The Cedar-Riverside neighborhood on Sunday celebrated the grand opening of a long-heralded career center aimed at connecting area residents to employment opportunities and educational resources.
The ribbon-cutting ceremony for the Cedar Riverside Opportunity Center, which has been in the making for over two years, drew nearly 100 neighborhood residents and government officials from the city of Minneapolis and Hennepin County.
The center — which is housed in the Five15 on the Park high-rise building — begins its operations on Monday, providing residents everything from on-site employment recruiters to counseling services for assisting people in earning career credentials. The 5,000-square-foot facility features four interview rooms and a training room.
The center was founded to combat unemployment challenges among East African residents in the neighborhood, which has long seen some of the highest joblessness rates in the city.
“This is a community space,” said Council Member Abdi Warsame, who led the effort to establish the center in partnership with Hennepin County commissioner Peter McLaughlin. “It’s also a space that signifies the East African community’s growth in this part of the city of Minneapolis.”
The project is the result of partnerships between city and county governments as well as local employers and educational institutions. EMERGE Community Development, for instance, leads the center’s day-to-day operations, such as workforce development services and youth employment and education programs.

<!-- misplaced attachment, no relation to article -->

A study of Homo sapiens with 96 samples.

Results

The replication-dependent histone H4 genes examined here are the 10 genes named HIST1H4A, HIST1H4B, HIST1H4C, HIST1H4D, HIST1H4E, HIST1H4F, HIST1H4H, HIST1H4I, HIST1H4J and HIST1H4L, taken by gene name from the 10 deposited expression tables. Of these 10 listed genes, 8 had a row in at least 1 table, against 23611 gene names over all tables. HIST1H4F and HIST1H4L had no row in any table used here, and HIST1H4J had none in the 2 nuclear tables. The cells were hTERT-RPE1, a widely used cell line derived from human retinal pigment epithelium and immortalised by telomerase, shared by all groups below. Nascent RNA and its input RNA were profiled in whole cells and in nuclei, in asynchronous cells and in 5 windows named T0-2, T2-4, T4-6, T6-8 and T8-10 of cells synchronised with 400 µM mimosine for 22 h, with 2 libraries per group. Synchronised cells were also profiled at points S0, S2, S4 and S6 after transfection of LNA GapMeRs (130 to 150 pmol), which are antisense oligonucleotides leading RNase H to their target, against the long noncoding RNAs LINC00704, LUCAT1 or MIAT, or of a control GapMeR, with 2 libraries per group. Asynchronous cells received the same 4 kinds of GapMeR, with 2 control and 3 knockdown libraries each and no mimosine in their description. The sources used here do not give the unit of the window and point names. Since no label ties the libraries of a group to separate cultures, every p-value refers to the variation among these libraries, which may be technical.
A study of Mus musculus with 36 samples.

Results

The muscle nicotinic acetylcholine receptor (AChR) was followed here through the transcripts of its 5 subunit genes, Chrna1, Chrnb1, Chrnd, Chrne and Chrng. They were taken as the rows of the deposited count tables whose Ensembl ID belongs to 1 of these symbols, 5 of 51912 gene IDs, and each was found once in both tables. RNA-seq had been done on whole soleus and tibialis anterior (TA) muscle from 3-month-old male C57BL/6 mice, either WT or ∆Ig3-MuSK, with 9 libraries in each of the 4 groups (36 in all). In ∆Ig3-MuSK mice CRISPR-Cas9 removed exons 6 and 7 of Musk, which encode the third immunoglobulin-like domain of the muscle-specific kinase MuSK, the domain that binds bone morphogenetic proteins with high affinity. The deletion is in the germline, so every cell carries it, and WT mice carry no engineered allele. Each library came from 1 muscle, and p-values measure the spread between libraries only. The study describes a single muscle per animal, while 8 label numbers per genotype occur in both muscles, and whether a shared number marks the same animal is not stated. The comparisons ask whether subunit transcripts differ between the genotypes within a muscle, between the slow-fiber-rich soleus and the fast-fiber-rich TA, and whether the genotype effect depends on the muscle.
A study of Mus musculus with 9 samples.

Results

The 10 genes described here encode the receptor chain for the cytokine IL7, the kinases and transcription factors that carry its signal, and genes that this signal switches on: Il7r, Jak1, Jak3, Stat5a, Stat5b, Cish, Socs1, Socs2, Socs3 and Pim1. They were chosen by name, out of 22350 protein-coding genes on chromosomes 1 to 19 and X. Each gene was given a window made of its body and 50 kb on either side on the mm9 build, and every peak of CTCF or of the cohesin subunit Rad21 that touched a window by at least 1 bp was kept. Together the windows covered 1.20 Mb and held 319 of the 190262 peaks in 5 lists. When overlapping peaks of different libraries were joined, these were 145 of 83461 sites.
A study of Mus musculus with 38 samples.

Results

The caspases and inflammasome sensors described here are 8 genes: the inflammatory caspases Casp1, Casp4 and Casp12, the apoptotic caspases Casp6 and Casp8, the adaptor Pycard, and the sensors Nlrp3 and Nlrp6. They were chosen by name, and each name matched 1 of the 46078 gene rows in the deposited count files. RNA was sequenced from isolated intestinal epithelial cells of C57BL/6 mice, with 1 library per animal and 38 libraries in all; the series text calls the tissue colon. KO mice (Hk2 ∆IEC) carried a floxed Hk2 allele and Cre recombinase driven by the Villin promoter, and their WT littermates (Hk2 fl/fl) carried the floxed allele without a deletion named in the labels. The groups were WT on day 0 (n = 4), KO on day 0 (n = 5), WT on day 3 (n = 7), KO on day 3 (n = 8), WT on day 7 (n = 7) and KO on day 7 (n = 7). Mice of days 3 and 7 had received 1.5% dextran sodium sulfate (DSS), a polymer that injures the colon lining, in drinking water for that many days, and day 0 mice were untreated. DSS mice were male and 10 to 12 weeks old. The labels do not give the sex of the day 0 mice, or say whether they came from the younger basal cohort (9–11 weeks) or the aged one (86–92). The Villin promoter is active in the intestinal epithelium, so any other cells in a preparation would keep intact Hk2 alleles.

Representatives from Minneapolis Technical and Community College share a space at the center to provide visitors the information and counseling services they need to obtain education and career training skills. And the center’s employer partners — including Hennepin County, the University of Minnesota, the city of Minneapolis and Augsburg College — will also have a regular presence at the center to hold on-site interviews and recruit workers.
“I’m proud that Hennepin County can be a partner in this,” said Hennepin County Commissioner Peter McLaughlin. “This is going to be a pathway to opportunity for residents of this neighborhood and the entire East African community.”
McLaughlin told the crowd at the Sunday event about a meeting he had with elders of the Cedar-Riverside community eight or nine years ago. One of their requests, he said, was access to job opportunities for people in the neighborhood. “There’s a great tradition in America,” he said, “a great tradition of providing opportunity — and to me, this building represents America’s better angel … to open the door of opportunity, to provide hope and to provide a new pathway.”